Sunday, December 11, 2011
Last week, when drawing up the weekly dinner menu, I decided to make a pumpkin soup. Okay--I decided Karel should make a pumpkin soup. In the course of grocery shopping, then, I diligently bought a pumpkin, and put it in an obvious location, the basket where I keep the currently-in-use bread and stuff-that-should-be-at-room-temperature, like bananas and slowly-ripening kiwi.
At least, I thought it was obvious there. Somehow, when Tuesday night came around, Karel looked everywhere but the basket and decided that I'd forgotten to get the pumpkin and went out and procured two more. He used one for the soup, so on Saturday we still had two pumpkins floating around, twiddling their thumbs, waiting to be put to good use.
Now, I would be remiss if I didn't point out that Dutch pumpkins aren't like American pumpkins. Pompoenen are a lot smaller, for starters, and I believe they are of a different breed than their American counterparts. Besides being smaller and more deeply orange, they are also a bit sweeter. And nobody carves them up into jack-o-lanterns. Differences aside, though, you can pretty much treat them like any other gourd, which is to say "roast until tender, scoop out flesh, and enjoy". Dutch recipes, strangely enough (yet typically Dutch), call for the thing to be hacked apart and/or peeled, and then boiled. Newbies to the Netherlands and pompoenen in general should disregard any recipe advice that tells you to peel a gourd, and just hack it in half and pop it in a hot oven for about 30 minutes. Trust me when I say it's safer that way.
So on Saturday morning, as Karel was about to leave for work, I wondered aloud what to do with the pumpkins. "Maybe I'll try a pumpkin pie," I mused.
"I never had one. What is it?"
I may not be the most perfectly-integrated expat, but I certainly don't go about wishing for things like Thanksgiving and whining about missing fireworks on the Fourth of July. I don't bake apple pies (too much work, peeling all those apples) and I don't go about comparing Nijmegen to New York City. But somehow, Karel's confession that he'd NEVER HAD PUMPKIN PIE brought out a wave of Americana in me and I decided right then and there that he was going to get some. Well, as close to pumpkin pie as you can get with a Dutch pompoen, anyway. Never mind that I'd never made pumpkin pie before and never mind that I had no idea where to start, or even an idea of which recipe I wanted to use. Karel's gastronomic innocence with respect to one of America's finest traditions needed to be remedied, and damned if I would stand by and let him flounder in culinary darkness.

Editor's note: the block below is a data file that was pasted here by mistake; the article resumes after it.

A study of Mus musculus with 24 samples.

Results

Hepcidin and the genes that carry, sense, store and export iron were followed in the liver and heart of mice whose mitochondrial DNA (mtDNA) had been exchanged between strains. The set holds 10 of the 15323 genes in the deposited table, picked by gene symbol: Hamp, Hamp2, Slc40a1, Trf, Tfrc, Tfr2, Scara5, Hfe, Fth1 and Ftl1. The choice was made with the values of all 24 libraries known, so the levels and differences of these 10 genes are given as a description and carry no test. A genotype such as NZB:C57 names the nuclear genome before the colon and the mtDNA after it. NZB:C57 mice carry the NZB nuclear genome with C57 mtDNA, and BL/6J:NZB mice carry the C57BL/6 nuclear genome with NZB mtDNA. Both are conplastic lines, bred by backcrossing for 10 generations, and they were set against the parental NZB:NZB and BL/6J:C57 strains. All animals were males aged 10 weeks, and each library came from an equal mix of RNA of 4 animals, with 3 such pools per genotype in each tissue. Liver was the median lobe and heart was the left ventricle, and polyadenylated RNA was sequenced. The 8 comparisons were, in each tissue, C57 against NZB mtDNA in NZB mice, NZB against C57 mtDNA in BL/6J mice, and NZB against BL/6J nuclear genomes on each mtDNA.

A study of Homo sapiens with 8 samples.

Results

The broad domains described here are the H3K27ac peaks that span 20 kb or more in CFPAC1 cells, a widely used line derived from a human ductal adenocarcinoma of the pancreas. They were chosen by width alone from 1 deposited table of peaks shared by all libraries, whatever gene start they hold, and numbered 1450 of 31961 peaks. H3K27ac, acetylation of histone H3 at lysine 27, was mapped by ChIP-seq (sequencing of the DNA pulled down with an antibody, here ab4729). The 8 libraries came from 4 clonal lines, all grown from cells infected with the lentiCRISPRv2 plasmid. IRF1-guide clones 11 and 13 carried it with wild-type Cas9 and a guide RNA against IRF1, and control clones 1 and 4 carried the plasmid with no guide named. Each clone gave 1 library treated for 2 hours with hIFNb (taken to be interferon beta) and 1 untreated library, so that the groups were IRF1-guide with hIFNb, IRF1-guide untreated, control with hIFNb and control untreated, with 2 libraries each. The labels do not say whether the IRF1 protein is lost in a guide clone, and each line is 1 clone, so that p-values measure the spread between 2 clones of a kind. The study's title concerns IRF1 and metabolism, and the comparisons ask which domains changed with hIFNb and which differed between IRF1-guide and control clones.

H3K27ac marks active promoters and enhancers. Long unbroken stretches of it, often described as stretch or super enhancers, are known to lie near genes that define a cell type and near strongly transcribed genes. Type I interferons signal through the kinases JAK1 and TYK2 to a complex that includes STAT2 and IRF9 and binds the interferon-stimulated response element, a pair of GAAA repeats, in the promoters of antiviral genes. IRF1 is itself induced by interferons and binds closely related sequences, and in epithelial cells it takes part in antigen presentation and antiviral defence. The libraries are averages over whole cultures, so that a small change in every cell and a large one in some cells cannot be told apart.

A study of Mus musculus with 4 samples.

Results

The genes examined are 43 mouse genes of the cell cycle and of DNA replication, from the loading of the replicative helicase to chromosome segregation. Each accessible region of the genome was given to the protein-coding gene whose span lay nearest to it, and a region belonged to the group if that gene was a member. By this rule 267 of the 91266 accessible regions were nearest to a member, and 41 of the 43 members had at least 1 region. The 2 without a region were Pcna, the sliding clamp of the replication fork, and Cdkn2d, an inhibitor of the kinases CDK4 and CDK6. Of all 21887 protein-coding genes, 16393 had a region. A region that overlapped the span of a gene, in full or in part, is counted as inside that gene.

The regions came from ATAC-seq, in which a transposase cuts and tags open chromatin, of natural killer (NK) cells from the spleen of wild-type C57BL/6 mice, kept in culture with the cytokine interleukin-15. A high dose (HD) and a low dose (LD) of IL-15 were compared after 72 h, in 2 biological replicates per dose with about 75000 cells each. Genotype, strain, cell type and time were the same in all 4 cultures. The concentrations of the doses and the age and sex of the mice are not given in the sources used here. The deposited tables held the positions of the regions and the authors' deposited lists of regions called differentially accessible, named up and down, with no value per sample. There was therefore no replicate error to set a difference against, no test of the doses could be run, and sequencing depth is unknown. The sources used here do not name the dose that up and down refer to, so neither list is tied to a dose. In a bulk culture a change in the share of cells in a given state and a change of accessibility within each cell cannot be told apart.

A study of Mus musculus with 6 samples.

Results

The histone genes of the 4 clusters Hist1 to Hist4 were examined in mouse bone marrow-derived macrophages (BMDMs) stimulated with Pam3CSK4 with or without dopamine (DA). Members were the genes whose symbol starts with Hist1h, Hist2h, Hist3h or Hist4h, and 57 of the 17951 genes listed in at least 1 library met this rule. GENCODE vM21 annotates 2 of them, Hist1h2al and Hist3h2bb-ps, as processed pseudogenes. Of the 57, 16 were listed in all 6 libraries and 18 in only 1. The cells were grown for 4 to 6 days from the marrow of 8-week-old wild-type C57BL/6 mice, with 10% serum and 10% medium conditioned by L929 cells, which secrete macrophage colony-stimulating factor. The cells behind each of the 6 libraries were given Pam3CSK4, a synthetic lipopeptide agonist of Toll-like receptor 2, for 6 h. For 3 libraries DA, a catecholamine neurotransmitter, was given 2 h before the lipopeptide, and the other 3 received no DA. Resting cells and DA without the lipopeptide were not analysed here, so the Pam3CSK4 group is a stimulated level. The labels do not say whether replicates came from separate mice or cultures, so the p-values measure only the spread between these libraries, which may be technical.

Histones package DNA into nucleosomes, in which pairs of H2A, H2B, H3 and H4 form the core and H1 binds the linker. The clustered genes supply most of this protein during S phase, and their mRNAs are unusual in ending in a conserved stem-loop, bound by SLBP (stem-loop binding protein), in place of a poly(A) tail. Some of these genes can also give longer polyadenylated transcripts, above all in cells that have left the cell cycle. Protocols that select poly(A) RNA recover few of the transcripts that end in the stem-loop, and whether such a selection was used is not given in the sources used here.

I didn't use a recipe, but trust me when I say making a pumpkin pie from scratch is so easy you almost don't need one. Roast the pumkin for 30-40 minutes, until the flesh is tender, and then scoop out the "guts" (seeds, stringy bits that hold the seeds in place). Separate your pound of flesh from the skin and set it aside. I did all this the night before, but there's no reason you can't do the next step as soon as the thing cools down enough not to cook the egg.
I used condensed milk, but you can also use cream--put the pumpkin and a bit of milk/cream (1/4 cup, thereabouts) into a food processor, and add an egg. Liquify everything--the consistency should be like that of a milkshake. If you need to, add more liquid. Add cinnamon, powdered ginger, nutmeg, allspice, cardamom, etc etc to taste. If you were an idiot like me and didn't make sure to get sweetened condensed milk, you can add a bit of sugar. I used dark brown sugar (~ 2 Tbsp) a bit of normal sugar (~ 1/4 cup)/
I go through the trouble to make pie crust, in part because the stuff sold in supermarkets is a bit too fluffy for my taste. Usually it goes off without a hitch, but as you can see from the overbaked bits, somehow I managed to flub it this time. Nevertheless, as the crust plays second fiddle to the divine filling, I decided to proceeed.
The end result was a velvety smooth hunk of delicious sitting in a decadently flaky crust, and every bit as delicious as I remember pumpkin pie to be--better, even, since it wasn't over-sweetened and you could actually taste the other stuff in it. I'm actually kind of hoping Karel will think it's not quite for him, because it'll leave more for me.